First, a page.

When Alexi McCammond was 17 years old she sent a series of racist tweets. “Now googling how to not wake up with swollen, asian eyes…” she wrote in one of them.

She is now 27. She just lost her job as the incoming editor of Teen Vogue because of these messages. McCammond has apologised for the tweets several times. She apologised once when they resurfaced in 2019, the year she was named the emerging journalist of the year by the National Association of Black Journalists. Then again this year when they resurfaced once more in response to the announcement of her securing the editorship.

“I’ve apologized for my past racist and homophobic tweets and will reiterate that there’s no excuse for perpetuating those awful stereotypes in any way,” she wrote. “I am so sorry to have used such hurtful and inexcusable language.” She participated in one-on-one talks with Teen Vogue journalists to apologise further and listen to their concerns.

But it wasn’t enough. There was outrage on social media. Over 20 staff members at the magazine posted a note on social media saying they’d made a complaint about the hire. And two advertisers – Ulta Beauty and Burt’s Bees – suspended their campaigns. McCammond duly resigned.

The tweets she sent ten years ago were racist. There’s no disputing that and no-one in their right mind would do so. Nor were they a sign of the times. This was just ten years ago, when these sentiments were well understood to be oppressive and insulting. But they were also the social media posts of a child.

Applying this level of scrutiny to people’s social media accounts creates a lopsided moral standard to different generations. Most of us are old enough – or lucky enough – to have only used social media as adults. If it had been around when we were 17 we would undoubtedly have many instances of extremely regrettable commentary still lurking on the internet somewhere. But it would have no more pertinence to our current views or moral standards than the things we said to our friends in the playground, which mercifully are not available for posterity.

The social media frenzy around these stories claims to be based on compassion. But it is in fact an extremely unforgiving culture. It defines people solely by the very worst thing they have ever said. It does not allow them to move on from it, ever.

It doesn’t matter how much you apologise. It doesn’t matter how genuine your sorrow is. It doesn’t matter how much you have listened or learned or improved yourself. Any evidence of impurity, no matter how dated, means you are cast out forever. It is the language of the Old Testament: fire and brimstone and eternal punishment for a long-passed transgression.

This isn’t just a problem on the left, no matter how much government ministers or right-wing journalists might try to pretend that it is. Yesterday the BBC presenter Naga Munchetty issued an apology. “I ‘liked’ tweets today that were offensive in nature about the use of the British flag as a backdrop in a government interview this morning,” she wrote. “I have since removed these ‘likes’. This do not represent the views of me or the BBC. I apologise for any offence taken.”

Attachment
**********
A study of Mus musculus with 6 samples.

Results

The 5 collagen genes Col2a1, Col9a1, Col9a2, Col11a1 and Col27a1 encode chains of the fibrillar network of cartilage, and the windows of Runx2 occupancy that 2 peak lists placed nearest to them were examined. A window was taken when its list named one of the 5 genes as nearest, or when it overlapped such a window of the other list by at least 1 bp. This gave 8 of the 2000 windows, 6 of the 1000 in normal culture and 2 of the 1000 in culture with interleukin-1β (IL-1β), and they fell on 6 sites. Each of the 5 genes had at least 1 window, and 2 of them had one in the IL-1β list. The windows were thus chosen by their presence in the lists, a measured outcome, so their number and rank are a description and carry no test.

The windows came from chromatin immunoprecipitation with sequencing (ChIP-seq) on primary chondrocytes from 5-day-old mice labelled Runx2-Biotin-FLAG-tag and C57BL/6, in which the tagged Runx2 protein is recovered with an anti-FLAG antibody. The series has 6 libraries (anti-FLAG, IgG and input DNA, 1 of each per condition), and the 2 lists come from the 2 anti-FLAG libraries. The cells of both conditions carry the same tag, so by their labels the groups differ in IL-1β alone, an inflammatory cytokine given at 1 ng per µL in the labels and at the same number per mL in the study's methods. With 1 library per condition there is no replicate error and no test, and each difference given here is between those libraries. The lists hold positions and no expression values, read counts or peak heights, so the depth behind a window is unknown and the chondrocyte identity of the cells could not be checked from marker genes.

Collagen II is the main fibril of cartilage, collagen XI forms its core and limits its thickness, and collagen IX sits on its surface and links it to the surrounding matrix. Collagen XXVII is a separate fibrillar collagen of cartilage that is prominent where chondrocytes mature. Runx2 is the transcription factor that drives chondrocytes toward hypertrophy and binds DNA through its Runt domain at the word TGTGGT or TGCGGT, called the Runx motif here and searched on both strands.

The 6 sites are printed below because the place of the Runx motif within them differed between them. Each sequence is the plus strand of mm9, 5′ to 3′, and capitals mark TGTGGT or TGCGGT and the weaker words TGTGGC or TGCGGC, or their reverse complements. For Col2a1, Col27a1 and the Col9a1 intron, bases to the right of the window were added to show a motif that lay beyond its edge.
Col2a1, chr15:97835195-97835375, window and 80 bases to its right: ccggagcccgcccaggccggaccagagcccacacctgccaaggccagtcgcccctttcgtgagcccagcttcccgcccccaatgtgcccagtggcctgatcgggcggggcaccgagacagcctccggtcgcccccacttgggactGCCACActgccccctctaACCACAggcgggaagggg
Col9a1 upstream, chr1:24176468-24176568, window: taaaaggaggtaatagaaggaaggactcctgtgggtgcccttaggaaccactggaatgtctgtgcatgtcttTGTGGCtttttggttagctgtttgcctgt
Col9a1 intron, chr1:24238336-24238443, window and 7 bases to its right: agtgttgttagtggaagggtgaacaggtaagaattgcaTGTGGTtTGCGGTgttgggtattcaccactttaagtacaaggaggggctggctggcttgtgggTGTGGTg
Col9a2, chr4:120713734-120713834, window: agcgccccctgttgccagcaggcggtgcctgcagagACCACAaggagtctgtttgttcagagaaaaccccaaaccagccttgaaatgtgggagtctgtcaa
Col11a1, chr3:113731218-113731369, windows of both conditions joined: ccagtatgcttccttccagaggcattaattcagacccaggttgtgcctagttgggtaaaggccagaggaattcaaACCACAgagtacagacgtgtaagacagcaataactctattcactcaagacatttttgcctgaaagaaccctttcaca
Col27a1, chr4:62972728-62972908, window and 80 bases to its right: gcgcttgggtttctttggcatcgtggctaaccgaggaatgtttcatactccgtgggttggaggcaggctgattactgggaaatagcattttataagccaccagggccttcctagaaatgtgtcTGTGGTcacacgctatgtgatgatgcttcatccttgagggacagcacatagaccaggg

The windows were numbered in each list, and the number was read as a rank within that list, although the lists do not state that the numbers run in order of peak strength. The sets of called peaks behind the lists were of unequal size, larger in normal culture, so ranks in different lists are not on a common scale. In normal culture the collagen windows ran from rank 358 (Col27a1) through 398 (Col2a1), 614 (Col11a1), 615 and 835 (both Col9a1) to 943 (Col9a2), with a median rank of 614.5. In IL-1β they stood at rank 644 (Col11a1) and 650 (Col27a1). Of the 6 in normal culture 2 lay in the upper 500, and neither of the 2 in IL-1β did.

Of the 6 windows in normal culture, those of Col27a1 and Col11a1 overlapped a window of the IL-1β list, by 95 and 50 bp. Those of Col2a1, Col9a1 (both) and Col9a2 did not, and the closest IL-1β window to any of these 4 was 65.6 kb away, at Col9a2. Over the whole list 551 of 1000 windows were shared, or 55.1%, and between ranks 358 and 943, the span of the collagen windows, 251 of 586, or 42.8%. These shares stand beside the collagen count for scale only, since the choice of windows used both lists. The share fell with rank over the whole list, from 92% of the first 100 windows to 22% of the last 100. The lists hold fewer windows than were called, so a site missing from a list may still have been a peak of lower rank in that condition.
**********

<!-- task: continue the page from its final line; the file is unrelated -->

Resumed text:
This apology, plainly forced on her by BBC management, is the latest success of the right-wing censorship campaign. It started when fellow BBC Breakfast presenter Charlie Stayt made some lighthearted jokes at the expense of communities secretary Robert Jenrick, who, like all government ministers or MPs, now feels the need to appear with a British flag in his Zoom background when conducting interviews. “I think your flag is not up to standard size, government interview measurements,” Stayt said. “I think it’s just a little bit small, but that’s your department really.”

Munchetty laughed. “Always a flag,” she said. “Had the picture of the Queen there as well though.” She then liked a series of tweets defending the pair.

The offence machine whirled into operation. Newspapers like the Telegraph and Express pumped out outrage to their readers. “Outcry after ‘sneering’ BBC presenters mock minister over Union flag,” one headline read. Seventeen backbench Tory MPs then wrote to the BBC. “We have been inundated with complaints from constituents on this matter,” they said. “We feel that the hosts need reminding that the B in BBC stands for British and that the comments and attitudes on display towards both our flag and our Queen were inappropriate and also disrespectful.”

The humourlessness is off the scale. But there is something deeply pernicious going on here as well. Even a trace element of journalistic independence from government or their claimed ownership of patriotism is now treated as sacrilege which must be admonished and apologised for.

You can’t morally compare right and left campaigns in terms of their intended moral outcome. The former aims to protect the powerful and wipe out dissent against a perceived majority. The latter aims to protect the marginalised and create a more equal world.

But you can make a comparison in terms of their tactics. Both have adopted an extremely unforgiving approach to speech. No statement of offence was so old that it is irrelevant now. No joke is so lighthearted that it cannot be used to punish someone for failing to show sufficient loyalty.

No-one really seems interested in changing minds. They are interested in punishing blasphemers. It is a road that leads to the death of intellectual inquiry, or self-improvement, or independent journalism, or even humour. It’s a grim, stony-faced, ugly, punishing world.

You can’t start to address it until you accept that both left and right have a problem. Far too many on either side claim that their tribe is blameless while the other is pernicious. No reasonable assessment of what we see online corresponds with that narrative.

Until that happens, the outrage machine will keep on whirring. Every day, someone new will be sacrificed to the machine. And eventually it’ll be you.